According to many experts, around 10 to 20 percent of Iraq and Afghanistan former troops suffer from post-traumatic stress disorder, which is definitely among the most challenging problem for combat veterans. This not only endangers the troops but also their families, putting hundreds and thousands of people at risk.
Since the PTSD is known for costing billions of dollars annually along with their effects on veterans and their families, it is more than ever critical to revised the policies and find more effective treatments. Note that over the years first-line treatments have included medications and talk therapy. In other words, this means that these therapies need to be experimented first and if they fail, other options should be looked into. In fact, the treatment guidelines by the Department of Defense and Veterans Affairs Department equates medication with psychotherapy. Similarly, the same is being done by the American Psychiatric Association. Not everyone agrees with these policies.
Many organizations from Australia, World Health Organization and the United Kingdom are of the view that trauma-focused psychotherapies such as prolonged exposure, eye movement desensitization, cognitive processing therapy and reprocessing are more effective when it comes to PTSD treatment.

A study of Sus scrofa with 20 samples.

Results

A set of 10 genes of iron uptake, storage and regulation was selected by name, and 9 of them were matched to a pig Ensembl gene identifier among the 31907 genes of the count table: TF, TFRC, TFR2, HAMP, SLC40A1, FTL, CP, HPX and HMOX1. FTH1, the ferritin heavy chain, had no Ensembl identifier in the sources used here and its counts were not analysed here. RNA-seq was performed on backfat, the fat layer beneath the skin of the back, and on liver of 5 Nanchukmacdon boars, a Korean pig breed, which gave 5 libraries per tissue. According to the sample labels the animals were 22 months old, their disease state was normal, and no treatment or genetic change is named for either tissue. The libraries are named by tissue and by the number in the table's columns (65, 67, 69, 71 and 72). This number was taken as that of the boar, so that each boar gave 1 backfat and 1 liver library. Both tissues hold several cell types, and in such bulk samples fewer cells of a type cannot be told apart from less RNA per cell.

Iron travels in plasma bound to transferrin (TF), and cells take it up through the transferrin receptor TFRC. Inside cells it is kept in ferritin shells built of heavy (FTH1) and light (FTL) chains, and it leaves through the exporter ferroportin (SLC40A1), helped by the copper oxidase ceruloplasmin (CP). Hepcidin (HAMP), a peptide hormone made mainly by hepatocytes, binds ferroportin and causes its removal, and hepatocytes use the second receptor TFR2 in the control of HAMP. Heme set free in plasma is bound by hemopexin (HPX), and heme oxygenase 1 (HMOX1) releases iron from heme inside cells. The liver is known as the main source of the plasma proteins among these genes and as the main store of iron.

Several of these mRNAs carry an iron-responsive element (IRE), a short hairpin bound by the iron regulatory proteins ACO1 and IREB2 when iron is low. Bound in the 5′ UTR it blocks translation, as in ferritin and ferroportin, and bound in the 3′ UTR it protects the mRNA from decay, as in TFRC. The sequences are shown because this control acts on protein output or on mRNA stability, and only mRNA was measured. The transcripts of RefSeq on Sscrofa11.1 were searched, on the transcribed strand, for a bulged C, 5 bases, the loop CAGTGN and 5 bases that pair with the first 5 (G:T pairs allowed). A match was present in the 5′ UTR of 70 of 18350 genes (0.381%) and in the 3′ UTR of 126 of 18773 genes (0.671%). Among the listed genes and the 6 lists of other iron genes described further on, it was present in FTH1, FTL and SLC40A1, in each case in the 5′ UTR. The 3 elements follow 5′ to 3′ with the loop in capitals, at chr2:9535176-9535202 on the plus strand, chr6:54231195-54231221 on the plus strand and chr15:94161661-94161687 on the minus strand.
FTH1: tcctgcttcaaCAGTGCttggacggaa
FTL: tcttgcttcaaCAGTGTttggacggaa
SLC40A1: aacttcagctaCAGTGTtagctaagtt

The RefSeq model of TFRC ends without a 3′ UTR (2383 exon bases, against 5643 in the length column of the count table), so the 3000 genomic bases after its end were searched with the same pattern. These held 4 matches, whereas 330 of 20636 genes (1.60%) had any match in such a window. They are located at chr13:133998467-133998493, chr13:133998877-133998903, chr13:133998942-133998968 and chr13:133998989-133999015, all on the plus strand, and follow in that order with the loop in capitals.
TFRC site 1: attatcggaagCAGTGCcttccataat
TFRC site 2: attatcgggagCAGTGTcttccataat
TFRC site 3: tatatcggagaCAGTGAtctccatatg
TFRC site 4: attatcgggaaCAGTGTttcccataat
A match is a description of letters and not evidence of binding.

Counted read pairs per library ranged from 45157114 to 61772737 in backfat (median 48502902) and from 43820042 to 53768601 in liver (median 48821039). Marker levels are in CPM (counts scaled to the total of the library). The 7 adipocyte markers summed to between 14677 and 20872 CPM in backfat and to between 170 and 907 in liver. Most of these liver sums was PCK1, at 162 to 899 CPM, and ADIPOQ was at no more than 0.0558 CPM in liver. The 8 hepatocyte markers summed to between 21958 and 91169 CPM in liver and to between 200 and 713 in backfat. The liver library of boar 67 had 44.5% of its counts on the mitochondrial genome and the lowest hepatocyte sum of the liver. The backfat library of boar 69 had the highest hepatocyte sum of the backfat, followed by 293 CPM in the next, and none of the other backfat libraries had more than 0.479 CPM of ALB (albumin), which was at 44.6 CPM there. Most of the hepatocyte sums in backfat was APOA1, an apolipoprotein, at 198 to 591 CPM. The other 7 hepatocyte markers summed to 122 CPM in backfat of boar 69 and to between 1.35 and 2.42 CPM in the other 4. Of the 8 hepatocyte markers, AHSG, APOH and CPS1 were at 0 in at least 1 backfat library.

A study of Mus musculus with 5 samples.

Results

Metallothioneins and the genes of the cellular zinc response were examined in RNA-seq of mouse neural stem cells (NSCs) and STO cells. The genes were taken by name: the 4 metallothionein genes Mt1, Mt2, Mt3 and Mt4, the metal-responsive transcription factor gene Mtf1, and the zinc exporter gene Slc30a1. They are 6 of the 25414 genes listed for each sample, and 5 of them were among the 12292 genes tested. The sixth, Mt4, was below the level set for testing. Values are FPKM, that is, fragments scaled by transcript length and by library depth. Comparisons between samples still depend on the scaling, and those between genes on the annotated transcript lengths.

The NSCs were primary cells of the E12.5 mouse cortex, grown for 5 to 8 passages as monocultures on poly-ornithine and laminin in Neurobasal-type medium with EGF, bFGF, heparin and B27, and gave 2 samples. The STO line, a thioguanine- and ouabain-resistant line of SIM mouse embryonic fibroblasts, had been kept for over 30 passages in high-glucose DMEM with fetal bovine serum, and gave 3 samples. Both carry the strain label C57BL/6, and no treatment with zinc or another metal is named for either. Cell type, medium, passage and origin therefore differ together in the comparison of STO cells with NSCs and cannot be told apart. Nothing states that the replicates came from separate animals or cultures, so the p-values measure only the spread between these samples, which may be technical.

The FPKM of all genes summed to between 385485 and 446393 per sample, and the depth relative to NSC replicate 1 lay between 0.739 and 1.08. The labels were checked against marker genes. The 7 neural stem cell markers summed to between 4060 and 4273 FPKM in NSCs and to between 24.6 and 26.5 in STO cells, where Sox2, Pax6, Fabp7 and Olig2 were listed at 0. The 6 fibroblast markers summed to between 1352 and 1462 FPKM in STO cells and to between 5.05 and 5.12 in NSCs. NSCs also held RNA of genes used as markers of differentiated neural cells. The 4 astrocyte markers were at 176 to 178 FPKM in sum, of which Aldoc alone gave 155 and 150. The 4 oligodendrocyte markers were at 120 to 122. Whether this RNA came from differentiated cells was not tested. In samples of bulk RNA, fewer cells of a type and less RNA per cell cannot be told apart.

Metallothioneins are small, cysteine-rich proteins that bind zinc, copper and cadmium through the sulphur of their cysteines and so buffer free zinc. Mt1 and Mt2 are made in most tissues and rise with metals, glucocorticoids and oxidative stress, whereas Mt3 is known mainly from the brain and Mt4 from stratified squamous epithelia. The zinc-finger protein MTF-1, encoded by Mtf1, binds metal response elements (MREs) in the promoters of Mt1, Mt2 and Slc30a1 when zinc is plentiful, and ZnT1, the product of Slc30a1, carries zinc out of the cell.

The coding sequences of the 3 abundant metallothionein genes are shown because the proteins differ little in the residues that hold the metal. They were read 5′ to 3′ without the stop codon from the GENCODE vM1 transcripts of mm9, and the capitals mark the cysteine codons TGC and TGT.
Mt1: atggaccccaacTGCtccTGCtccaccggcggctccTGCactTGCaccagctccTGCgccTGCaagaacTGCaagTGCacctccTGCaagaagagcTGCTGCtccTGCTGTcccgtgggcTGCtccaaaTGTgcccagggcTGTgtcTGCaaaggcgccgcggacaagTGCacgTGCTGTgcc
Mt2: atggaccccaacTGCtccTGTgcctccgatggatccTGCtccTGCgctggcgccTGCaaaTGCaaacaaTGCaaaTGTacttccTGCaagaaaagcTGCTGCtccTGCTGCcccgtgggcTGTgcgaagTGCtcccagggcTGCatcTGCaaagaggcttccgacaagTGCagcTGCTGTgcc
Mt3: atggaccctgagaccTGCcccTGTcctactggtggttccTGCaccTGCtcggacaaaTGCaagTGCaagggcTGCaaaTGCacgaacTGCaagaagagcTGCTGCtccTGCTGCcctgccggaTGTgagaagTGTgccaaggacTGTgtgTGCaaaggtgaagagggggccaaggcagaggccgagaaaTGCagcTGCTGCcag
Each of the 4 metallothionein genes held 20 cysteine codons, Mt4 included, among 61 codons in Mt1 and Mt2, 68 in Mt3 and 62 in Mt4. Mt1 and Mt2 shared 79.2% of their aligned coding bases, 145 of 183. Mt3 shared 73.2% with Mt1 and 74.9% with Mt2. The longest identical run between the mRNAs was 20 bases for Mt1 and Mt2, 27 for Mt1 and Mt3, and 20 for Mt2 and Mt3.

In other words, these organizations believe that medications are not as strong as psychotherapy when it comes to post-traumatic disorder. Recently, a study carried out by military and VA researchers, support this position. The study was published in the journal Depression and Anxiety.
In a nutshell, this study challenges the current system of treatment for post-traumatic disorder. It?s time we start revising our policies and make sure we are putting up psychotherapy as the priority.